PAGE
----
Blue Valentine as 'a love story'. They're right. It's the story of a love: an account of Cindy and Dean meeting, striking up a relationship, having a baby and destroying their marriage beyond belief and hope. It is not, then, romantic in the usual sense, but neither am I prepared to call it nihilistic.
When we're introduced to Cindy (Michelle Williams), Dean (Ryan Gosling), it's pretty clear their marriage is on the rocks: during breakfast, Dean is goofing around with their daughter Frankie (Faith Wladyka) while Cindy does all the work, his childish behaviour a form of aggression against her by claiming Frankie. Later, Cindy finds the family dog dead after being hit by a car; Dean is unwilling to give her the comfort she needs, suggesting instead a night at a sleazy sex motel.
Blue Valentine goes back and forth between the present - just two days,
in which the relationship suffers a final, catastrophic and irrevocable
breakdown - and the story, over several months, of the beginnings of
their love. Dean, working at a moving company, meets Cindy when she visits her grandmother at a retirement home, and she's eventually swayed by his happy-go-lucky ways.
Those chronologically early scenes are so much indie rom-com cliché, but of course there's a horrid twist. Watching the relationship blossom is gut-wrenching not just because we know it
won't work out, but also because we realise that the very qualities that
endear them to one another will end up tearing them apart. Both are recognisably the same people a few years later, but they're using their personalities - his ostentatious relaxed slackerdom, her controlled, anxious fretting - to attack each other.
Dean comes off as very much the worse of the two, not just because his romantic comedy antics cause trouble for Cindy, but because director Derek Cianfrance gives Gosling a number of traits that tend to scream 'bad guy', at least in the chronologically later portion of the picture: he's balding, wears wifebeaters and sunglasses, smokes, and is sliding into alcoholism. He seems responsible for most of their problems, his sense of inadequacy projected into aggressively twisting her words. Dean is, in a word, pretty much awful throughout.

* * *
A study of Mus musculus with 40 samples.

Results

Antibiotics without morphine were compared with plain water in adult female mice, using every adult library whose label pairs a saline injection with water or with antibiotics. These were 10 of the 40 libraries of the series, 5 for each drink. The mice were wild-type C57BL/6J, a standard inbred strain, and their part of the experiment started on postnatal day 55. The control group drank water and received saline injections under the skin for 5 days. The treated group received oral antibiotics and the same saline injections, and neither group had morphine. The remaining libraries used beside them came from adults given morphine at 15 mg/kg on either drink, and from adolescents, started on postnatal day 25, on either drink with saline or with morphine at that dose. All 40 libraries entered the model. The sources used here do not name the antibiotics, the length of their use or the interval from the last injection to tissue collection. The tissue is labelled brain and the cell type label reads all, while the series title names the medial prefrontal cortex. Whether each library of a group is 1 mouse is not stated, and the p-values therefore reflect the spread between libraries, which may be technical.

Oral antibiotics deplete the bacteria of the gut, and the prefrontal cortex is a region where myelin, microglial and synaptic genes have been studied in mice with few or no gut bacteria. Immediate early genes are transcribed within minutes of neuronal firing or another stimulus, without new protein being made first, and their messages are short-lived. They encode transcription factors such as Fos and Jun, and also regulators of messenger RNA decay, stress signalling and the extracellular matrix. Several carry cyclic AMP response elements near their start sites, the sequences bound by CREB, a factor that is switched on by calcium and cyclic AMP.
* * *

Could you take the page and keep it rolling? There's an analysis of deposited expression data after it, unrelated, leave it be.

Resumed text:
Cianfrance's achievement lies in not making Blue Valentine a simple story of a long-suffering woman and her terrible husband. Thanks to the writing and Gosling's performance, Dean is never less than a complete human being, and so we empathise with him even in his worst moments: by pretending concern for Frankie's welfare, he instrumentalises their daughter to guilt-trip Cindy into staying with him, and it is despicable, but also pathetic - and I suppose quite a lot of people actually do this, which makes it sadder still.
The direction is increasingly inventive as the film moves along, using a lot of handheld camerawork for an unsettled aesthetic, and a number of shots that are cold, sad and brutal, but still beautiful: Cindy stepping over Dean, who's sleeping on the floor; or the two of them talking to each other through a window from an angle Cianfrance chooses to make sure we only see Cindy's reflection, so they seem not to be looking at each other.
As shot by Andrij Parekh, Blue Valentine looks exactly like old family photos - beautiful, sure, but it communicates visually that all this story is told in the past tense, doomed to an unhappy ending. The film's most heartbreaking scene is set in the back of a bus, when Dean ventures 'let's be a family' after the pregnant Cindy has decided not to have an abortion. It's a beginning, but it is also Janus-faced, pointing to that moment - inserted not soon after - when the family begun in tears and laughter falls apart forever.